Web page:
Rating agencies catching-up with reality
On 20 November 2020 Fitch and Moody’s rating agencies downgraded the South African sovereign credit rating by one notch to BB- and Ba2 respectively. Both agencies retained a negative outlook. Unsurprisingly, none of the reasons backing the downgrades were newsworthy. Sustained low trend growth, exacerbated by the COVID-19 pandemic, significant implementation risk around fiscal consolidation and structural reform plans, the fast-rising debt burden and more specifically the unaffordability thereof, are all well telegraphed. Rigid labour market conditions - especially in light of plans to reduce the unsustainable size of the public sector wage bill - received specific mention, and for good reason. In contrast, Standard & Poor’s (S&P), which had already downgraded the country to BB- in April, opted to affirm its rating, but with a stable outlook.
Rating action had very little, if any, impact on market yields
Even though few market analysts expected actual downgrades by any of the rating agencies in November, the more important matter is that the downgrades are already baked into market pricing. This is demonstrated by basic market valuation indicators, of which the level of credit default swap spreads relative to the S&P sovereign credit rating is but one. As demonstrated by Figure 1 below, the market once again seems to be streets ahead of rating agencies.
Figure 1: Credit Default Swap spreads: Downgrades to BB- are priced in
Source: Bloomberg, Futuregrowth
Renewed bout of risk-seeking by unconstrained foreign bond investors
In contrast to October, when local investors stepped up to the plate, it was up to foreign investors to absorb excess supply during November. The combination of a USA presidential victory for Biden and promising news on a number of COVID-19 vaccines served as catalyst for a broad-based relief rally. The jump in global risk appetite spilled over to the South African bond market as those foreign bond investors who are indifferent to sovereign credit ratings took their cue from the relatively high level of local yields. Net foreign buying of nominal bonds totalled a hefty R13.5 billion during November, which resulted in a decline of the year-to-date net foreign sales figure to R73 billion.
The central bank again opts to keep the repo rate unchanged
At the November Monetary Policy Committee meeting, the South African Reserve Bank opted to keep the repo rate unchanged, with two of the five committee members voting in favour of a 25 basis points rate cut. Concern about the poor fiscal backdrop once again played a role in the decision to keep monetary policy stimulus unchanged.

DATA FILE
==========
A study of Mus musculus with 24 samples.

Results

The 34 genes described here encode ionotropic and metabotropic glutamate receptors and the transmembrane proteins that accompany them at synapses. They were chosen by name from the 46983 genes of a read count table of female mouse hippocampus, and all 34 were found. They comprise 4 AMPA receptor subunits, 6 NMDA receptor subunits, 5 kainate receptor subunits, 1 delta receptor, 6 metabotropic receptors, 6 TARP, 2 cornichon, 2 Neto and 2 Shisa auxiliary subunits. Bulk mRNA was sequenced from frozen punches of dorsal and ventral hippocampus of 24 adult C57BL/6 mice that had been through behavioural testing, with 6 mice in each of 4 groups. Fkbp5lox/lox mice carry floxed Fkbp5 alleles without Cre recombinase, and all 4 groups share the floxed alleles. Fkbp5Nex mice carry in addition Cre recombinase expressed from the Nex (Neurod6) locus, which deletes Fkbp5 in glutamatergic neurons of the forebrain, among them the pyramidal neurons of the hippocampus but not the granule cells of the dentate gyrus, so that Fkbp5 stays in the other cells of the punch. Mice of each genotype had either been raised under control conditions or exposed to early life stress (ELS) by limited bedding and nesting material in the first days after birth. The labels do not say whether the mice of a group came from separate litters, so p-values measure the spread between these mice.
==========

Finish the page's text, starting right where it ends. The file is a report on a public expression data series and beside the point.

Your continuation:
Despite some hefty monthly food price increases, broad inflationary pressure remains remarkably subdued
The Headline Consumer Price Index (CPI) for the month of October showed a slightly higher than expected year-on-year increase of 3.3% from 3.0% in the previous month, mainly due to higher food and non-alcoholic beverage prices. Core CPI edged up to 3.4%. Despite these positive surprises, the fact remains that both these inflation indicators are still well below the official central bank mid-point target of 4.5%, while underlying inflation remains well contained. A similar outcome unfolded at the producer level, where the year-on-year price increase for final manufactured goods accelerated by 2.7% from 2.5% in September, with much of the upward price pressure emanating from food, beverage and tobacco products.
Another strong month for nominal bonds
As a result of strong foreign demand, nominal bond yields decreased, with longer dated bonds gaining most from a capital gain perspective. On the nominal side, the FTSE JSE All Bond Index (ALBI) rendered a strong return of 3.25% for November with the ALBI 12+ year maturity band the star performer with a return of 5.33%, as the yield curve flattened from the back end. Inflation-linked bonds ended the month with a fourth straight month of positive returns. In November, the FTSE JSE Government Inflation-linked Index (IGOV) managed to eke out a return of 1.97%, well below that of the ALBI, but beating cash (0.28%) hands down. For the first eleven months of 2020, the ALBI is in first place with a return of 6.07%, well above the 4.22% return offered by cash. The IGOV remained in last place with a return of 1.65%.
Figure 2: Bond market returns (periods ending 30 November 2020)
Source: JSE, Futuregrowth
// THE TAKEOUT
Although inflation is slowly regaining positive momentum, strong disinflationary forces are undoubtedly still at play. Even so, a cautious central bank opted to keep the repo rate unchanged at the last MPC meeting, following a series of unprecedented cuts earlier this year that left the repo rate at an all-time low of 3.50%. While economic activity appears to be picking up following the devastating impact of the national lockdown in the second quarter, it is still well below pre-lockdown levels. This does not bode well for a fiscal situation that is already at its most fragile in many years, and unfortunately supports our scepticism about government’s ambitious expenditure reduction plan. The recent bout of sovereign rating downgrades simply serves as confirmation. The combination of stable monetary policy and an increasingly slippery fiscal path implies an anchored short end, but upside risks to the yields of longer-dated fixed and inflation-linked instruments.